To be fair to NBC, the post-Thanksgiving Day cupboard was pretty bare. Thursday’s schedule features three games that should at least be watchable — the new benchmark in D.C. — and ESPN gets lucky Monday night with Seattle vs. New Orleans. That should take the taste of the surrender to San Francisco out of our national maw. The best game on Sunday is the Broncos-Chiefs matchup, but that is not eligible for the flex, because its enrollment time had expired. No, wait, that’s my insurance coverage. In any case, the Broncos have used up their flexes. When New York-Washington is your best option, be afraid. Be very afraid.
Because the local team, in a word, stinks. Just when you think it can’t get worse, it does. Was that quitting we saw Monday night? A little more than a year ago, Mike Shanahan famously announced that it was time to play everyone and make some evaluations. That seemed to be a signal that the season was over, although Shanahan later denied that’s what he meant. (Whether this football team can actually play football is questionable, but as a group they can deny like nobody’s business.)
At 3-8, is it time for Shanahan to “not” quit on the season again? Last year, it somehow propelled the team into the playoffs.
That won’t happen this year. But perhaps it will make his players take an interest. In, you know, professional football.
That may be the worst game Trent Williams has played since his rookie season. Perhaps he was sleepy and wanted to go to bed — I can relate — but unlike the rest of America, he had to stick around for four quarters. The 49ers’ defense is no joke, but that’s the job.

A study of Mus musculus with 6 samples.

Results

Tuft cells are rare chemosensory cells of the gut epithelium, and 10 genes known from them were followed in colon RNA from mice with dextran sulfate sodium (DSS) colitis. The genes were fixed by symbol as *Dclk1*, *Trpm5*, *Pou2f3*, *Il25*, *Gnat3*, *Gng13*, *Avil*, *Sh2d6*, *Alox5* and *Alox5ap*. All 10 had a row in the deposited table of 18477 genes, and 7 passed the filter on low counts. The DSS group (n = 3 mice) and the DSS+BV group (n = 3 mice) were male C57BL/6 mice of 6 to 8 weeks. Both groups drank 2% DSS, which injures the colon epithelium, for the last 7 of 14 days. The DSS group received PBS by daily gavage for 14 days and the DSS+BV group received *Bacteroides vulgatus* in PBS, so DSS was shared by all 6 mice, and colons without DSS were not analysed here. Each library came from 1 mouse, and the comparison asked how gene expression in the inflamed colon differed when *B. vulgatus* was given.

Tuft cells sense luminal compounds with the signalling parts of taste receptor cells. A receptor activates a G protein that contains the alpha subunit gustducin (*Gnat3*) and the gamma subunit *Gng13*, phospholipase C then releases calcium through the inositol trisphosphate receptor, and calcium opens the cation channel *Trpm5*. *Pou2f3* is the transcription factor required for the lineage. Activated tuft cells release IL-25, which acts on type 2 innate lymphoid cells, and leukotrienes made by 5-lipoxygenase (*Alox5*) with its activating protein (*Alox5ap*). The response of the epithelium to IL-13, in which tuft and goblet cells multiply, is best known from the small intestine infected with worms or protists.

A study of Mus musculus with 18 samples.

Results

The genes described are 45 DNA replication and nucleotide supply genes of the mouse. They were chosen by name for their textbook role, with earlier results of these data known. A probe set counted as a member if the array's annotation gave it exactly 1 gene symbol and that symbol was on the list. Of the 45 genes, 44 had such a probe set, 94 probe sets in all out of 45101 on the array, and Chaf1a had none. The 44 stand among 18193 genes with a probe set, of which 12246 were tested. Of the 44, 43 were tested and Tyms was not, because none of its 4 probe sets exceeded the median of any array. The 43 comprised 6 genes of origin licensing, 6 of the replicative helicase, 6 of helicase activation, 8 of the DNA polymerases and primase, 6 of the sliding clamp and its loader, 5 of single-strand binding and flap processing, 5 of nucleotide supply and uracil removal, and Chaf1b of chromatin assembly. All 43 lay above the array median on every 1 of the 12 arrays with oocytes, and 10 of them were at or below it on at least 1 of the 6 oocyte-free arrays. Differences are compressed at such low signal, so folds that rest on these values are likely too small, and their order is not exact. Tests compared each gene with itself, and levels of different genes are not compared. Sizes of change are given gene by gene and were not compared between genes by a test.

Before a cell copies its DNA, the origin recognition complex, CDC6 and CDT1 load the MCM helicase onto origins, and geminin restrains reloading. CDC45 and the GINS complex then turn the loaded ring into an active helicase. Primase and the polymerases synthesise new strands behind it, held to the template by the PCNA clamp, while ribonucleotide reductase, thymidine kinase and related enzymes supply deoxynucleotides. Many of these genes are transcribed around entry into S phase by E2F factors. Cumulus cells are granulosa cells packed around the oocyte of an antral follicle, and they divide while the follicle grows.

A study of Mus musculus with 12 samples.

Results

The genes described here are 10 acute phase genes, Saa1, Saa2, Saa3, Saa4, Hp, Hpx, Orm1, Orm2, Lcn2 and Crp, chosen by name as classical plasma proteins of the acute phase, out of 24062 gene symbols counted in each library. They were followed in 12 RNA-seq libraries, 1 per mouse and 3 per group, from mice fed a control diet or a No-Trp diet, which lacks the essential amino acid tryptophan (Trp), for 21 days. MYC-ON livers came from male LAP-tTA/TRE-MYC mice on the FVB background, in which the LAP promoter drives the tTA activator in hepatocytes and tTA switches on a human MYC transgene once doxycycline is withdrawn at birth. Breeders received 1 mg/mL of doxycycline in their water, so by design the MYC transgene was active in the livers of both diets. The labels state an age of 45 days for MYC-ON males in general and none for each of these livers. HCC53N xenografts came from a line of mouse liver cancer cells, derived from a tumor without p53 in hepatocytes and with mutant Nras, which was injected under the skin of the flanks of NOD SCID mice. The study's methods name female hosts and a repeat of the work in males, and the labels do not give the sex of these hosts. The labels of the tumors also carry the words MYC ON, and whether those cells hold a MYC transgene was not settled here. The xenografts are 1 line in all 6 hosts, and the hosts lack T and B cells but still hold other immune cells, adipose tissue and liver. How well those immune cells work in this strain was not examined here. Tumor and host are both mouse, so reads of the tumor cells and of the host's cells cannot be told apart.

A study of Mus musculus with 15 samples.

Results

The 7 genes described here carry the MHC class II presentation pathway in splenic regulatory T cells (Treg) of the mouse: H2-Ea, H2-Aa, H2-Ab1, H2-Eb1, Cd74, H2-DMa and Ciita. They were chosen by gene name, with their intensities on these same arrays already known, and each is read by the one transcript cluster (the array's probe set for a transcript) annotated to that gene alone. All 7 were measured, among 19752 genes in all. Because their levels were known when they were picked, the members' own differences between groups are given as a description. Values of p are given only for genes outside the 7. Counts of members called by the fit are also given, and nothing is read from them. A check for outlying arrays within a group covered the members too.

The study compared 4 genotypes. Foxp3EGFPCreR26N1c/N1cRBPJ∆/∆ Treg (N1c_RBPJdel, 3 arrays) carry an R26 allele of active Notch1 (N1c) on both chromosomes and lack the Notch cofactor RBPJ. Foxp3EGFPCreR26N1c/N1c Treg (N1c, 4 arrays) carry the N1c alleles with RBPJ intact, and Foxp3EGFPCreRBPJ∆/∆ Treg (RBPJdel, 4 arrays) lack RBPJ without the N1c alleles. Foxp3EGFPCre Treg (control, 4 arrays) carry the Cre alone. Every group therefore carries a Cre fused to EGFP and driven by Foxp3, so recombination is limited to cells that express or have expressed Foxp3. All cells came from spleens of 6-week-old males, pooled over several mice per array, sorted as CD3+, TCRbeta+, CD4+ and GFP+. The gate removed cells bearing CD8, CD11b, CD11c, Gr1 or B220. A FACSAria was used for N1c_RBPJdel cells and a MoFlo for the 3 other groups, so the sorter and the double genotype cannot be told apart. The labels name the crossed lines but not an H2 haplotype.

Hopefully, Williams’s play Monday was an aberration. He never struck me as a quitter and a lot of his teammates are still giving it their all. Their all just isn’t enough. And say what you will about Robert Griffin III — a lot of people have a lot to say, and little of it is good — he takes a licking and keeps on ticking. (Nobody delivered that line like John Cameron Swayze). Griffin, for all his flaws, is no quitter. But quitting has never been his problem. Not executing the offense is. The same glitches in his game we saw in Week 1 are still there, including the propensity to either try an ill-advised pass at the last moment, off his back foot, when wiser quarterbacks would be aiming for the sideline, or worse, not letting go of the ball at all. This makes me scream at the television, and in 20 years of watching this team play I don’t think I have ever screamed at a Washington quarterback, not the least because I’m a Chiefs fan. (I did scream when the team drafted Patrick Ramsey, but that wasn’t Ramsey’s fault.)
If anyone had a reason to take it easy at this point, it would be Griffin. I don’t think many of us expected him to remain healthy for 16 games; I certainly didn’t. So is it time to sit him down, for the good of his health, especially if Kirk Cousins was somehow able to elevate this season from awful to mediocre?
That’s asking a lot of Cousins, but let’s do the math. Shanahan has a year left on his contract. Even though that year is not looking like a sure thing at this point, Shanahan — like everyone else in the business — wants an extension. But he put all his eggs in the Griffin basket, so if he benches him now, he is saying that his judgment was wrong, that he gave up three high draft picks for a pig in a poke, and that he and his son were unable to “coach him up.” And if that is true, well, goodbye extension.
Throw in the “salary cap hits” excuse and last season’s 10-6 joyride and there are the arguments for making him earn the extension by giving him the final year to clean up the — I can’t think of a polite word — that he created. The counterpoint: What he’s done thus far hasn’t worked. He is 24-35. Throw out the baby, the bath water, the bathtub, and the rubber ducky and let’s start over. Again.
Watching all of this play out will keep this town talking through the holidays and beyond. There certainly won’t be a lot of football to distract us. Poor Washington. America has to sit through just one more performance of the Not Ready for Prime Time Players, and then it can move on. Lucky America.
For more by Tracee Hamilton, visit washingtonpost.com/hamilton.